Jim Dey | Critic of pro-Chief billboard is misreading the rhetoric

Jim Dey | Critic of pro-Chief billboard is misreading the rhetoric


So the community was due for another round of nonsense when a couple of the usual suspects kicked off another exercise in rhetorical overkill on an issue in which there is zero common ground.

The star of this episode is local lawyer and Chief Illiniwek supporter John Gadau. He arranged for a billboard hailing the involuntarily retired Chief Illiniwek as the permanent symbol of the UI — if not in reality, at least in the hearts of Chief lovers everywhere.

"The Chief, yesterday, today, forever," reads the sign located near the campus.

Gadau's done it before, and he decided to do it again.

The reaction was predictable. Anti-Chiefs, led by retired Professor Stephen Kaufman, were outraged by the expression of what they view as a pure racist sentiment.

The anti-Chiefs routinely denounce those who disagree with them on this issue as racist. Following that time-worn practice, Kaufman cited as the billboard as evidence because it included three nouns routinely used in everyday conversations — "yesterday, today, forever."

Those words have been used in ugly situations in the past, he noted, making the point that repeating them shows malicious intent.

He specifically cited Alabama Gov. George Wallace's 1962 inaugural address, a speech in which Wallace challenged the federal government's authority to desegregate segregated institutions in southern states that included Alabama.

"... I draw the line in the dust and toss the gauntlet before the feet of tyranny, and I say segregation now, segregation tomorrow, segregation forever."

Kaufman, who is almost as smart as he considers himself to be, is absolutely correct in noting the distinctively un-American ugliness that Wallace's words represent.

Wallace's inaugural speech was written by southern segregationist Asa Earl Carter, who later became an author of some note. Ironically, in light of the subsequent Chief Illiniwek controversy, Carter later adopted the persona of writer Forrest Carter, reputed to be a Cherokee Indian, and penned the book that was turned into the Clint Eastwood movie "The Outlaw Josey Wales."

His biggest success was a purported memoir, "The Education of Little Tree," a work that became a best-seller after the news media revealed Carter's personal background.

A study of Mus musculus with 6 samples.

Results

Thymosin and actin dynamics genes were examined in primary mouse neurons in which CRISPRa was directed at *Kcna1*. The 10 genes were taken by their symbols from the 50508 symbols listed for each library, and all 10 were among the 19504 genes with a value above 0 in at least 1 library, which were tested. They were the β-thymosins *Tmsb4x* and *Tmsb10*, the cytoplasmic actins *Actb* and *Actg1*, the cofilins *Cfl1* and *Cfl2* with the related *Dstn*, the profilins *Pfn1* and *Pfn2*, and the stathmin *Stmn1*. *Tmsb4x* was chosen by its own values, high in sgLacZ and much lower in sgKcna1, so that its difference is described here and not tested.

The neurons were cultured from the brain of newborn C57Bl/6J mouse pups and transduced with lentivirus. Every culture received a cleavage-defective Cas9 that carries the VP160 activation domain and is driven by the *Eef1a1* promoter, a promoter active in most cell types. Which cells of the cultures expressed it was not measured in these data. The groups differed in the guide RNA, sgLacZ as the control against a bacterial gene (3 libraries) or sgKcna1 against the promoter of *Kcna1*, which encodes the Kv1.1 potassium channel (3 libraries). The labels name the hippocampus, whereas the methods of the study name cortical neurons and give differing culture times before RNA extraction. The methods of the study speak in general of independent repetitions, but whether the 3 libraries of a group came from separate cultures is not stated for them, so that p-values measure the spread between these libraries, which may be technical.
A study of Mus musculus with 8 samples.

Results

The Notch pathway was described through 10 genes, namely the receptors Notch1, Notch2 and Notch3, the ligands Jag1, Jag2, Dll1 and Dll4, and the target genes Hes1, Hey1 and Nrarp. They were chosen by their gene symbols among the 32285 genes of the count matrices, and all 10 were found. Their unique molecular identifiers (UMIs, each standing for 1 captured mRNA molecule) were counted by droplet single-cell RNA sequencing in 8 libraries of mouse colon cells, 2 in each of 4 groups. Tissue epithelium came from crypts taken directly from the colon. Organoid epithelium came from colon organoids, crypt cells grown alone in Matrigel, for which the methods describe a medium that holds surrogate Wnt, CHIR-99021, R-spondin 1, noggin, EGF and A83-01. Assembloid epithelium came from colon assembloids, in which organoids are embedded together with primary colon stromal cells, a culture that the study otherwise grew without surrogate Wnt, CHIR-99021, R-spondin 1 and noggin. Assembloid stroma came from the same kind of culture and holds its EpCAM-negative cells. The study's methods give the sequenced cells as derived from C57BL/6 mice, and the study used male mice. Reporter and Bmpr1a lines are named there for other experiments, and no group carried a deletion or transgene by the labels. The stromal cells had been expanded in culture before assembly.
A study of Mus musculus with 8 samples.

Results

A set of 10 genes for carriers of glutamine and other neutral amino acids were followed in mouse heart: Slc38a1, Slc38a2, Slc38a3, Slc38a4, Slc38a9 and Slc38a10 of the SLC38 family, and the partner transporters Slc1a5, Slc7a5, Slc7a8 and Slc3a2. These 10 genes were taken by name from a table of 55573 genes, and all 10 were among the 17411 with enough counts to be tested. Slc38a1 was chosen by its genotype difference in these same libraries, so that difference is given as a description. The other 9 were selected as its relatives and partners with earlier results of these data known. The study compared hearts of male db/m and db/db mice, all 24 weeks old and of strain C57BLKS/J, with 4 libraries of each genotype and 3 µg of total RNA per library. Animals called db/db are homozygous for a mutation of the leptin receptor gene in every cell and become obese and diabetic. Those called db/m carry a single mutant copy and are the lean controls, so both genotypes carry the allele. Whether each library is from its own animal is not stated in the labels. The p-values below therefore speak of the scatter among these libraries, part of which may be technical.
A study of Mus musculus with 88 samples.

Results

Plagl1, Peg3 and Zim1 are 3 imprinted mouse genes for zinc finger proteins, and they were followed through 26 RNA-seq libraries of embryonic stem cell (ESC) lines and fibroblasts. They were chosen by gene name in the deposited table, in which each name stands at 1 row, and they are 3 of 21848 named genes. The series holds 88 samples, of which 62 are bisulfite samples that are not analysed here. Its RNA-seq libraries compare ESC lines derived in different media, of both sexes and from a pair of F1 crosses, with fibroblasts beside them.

Kaufman's contention is that the pro-Chief Illiniwek billboard is inherently racist because its literary construction echoes Wallace's notorious phrase, that by aping the phraseology in support of Chief Illiniwek he's embracing the sentiments expressed by Wallace.

Kaufmann's name-calling is superficially clever, but it melts like an ice cube in a blazing sun under scrutiny.

If the phrase "yesterday, today, forever" used by Gadau demonstrates racial animus — it doesn't — he's not alone.

In fact, the use of that phraseology considerably predates Wallace's speech.

"Jesus Christ is the same yesterday and today and forever," states Hebrews 13:8.

That biblical admonition has been used:

— To sell books: "Yesterday, Today and Forever, Timeless Gospel Messages" by M. Russell Ballard.

— To name plants: "Yesterday, Today and Tomorrow Plant," identified as a shrub or small tree that blossoms late into the season and is native to the Brazilian rainforests.

— To raise money: "Feeding Children — Today Tomorrow Forever," by a charitable group called Children of the Nations.

— To give a title to a guide for marital happiness: "The 7 Stages of Marriage: Laughter, Intimacy and Passion Today, Tomorrow and Forever."

— To name musical performances: In Berkeley, Calif., a place that doesn't cotton to Wallace's brand of politics, the show was "Today, Tomorrow, Forever," featuring the life story and music of Patsy Cline.

— To embrace the timeliness of one of America's most revered institutions: The Smithsonian Institute, a repository of this nation's most important memories, titled its 2014 annual report "Today Tomorrow Forever."

— To name albums: Nancy Wilson, a black singer popular in the 1960s, titled her 1964 album "Today, Tomorrow, Forever," It includes such classics as "What Kind of Fool Am I?" and "I Can't Stop Loving You."

— To express personal bonds of love in print and musical lyrics: Hallmark has sold "Today, Tomorrow, Forever" wedding cards. In the 1964 comedy/musical, Elvis Presley and Ann-Margret sang a duet whose amorous lyrics read, in part:

"I give you my heart"

"Today, tomorrow and forever"

"You'll always be my love"

"Our vow will never part"

"Today, tomorrow and forever"

One could go on ad nauseum because the unremarkable phraseology the professor finds so troubling fits into so many different contexts. But readers can figure it out — Kaufman's racism ploy represents a hand dramatically overplayed.

His condemnation of the common phrasing in Gadau's poster is so wildly off base that it can be persuasive only to the ignorant. It borders on ludicrous, not just for today, but tomorrow and forever.

Jim Dey, a member of The News-Gazette staff, can be reached by email at jdey@news-gazette.com or by phone at 217-351-5369.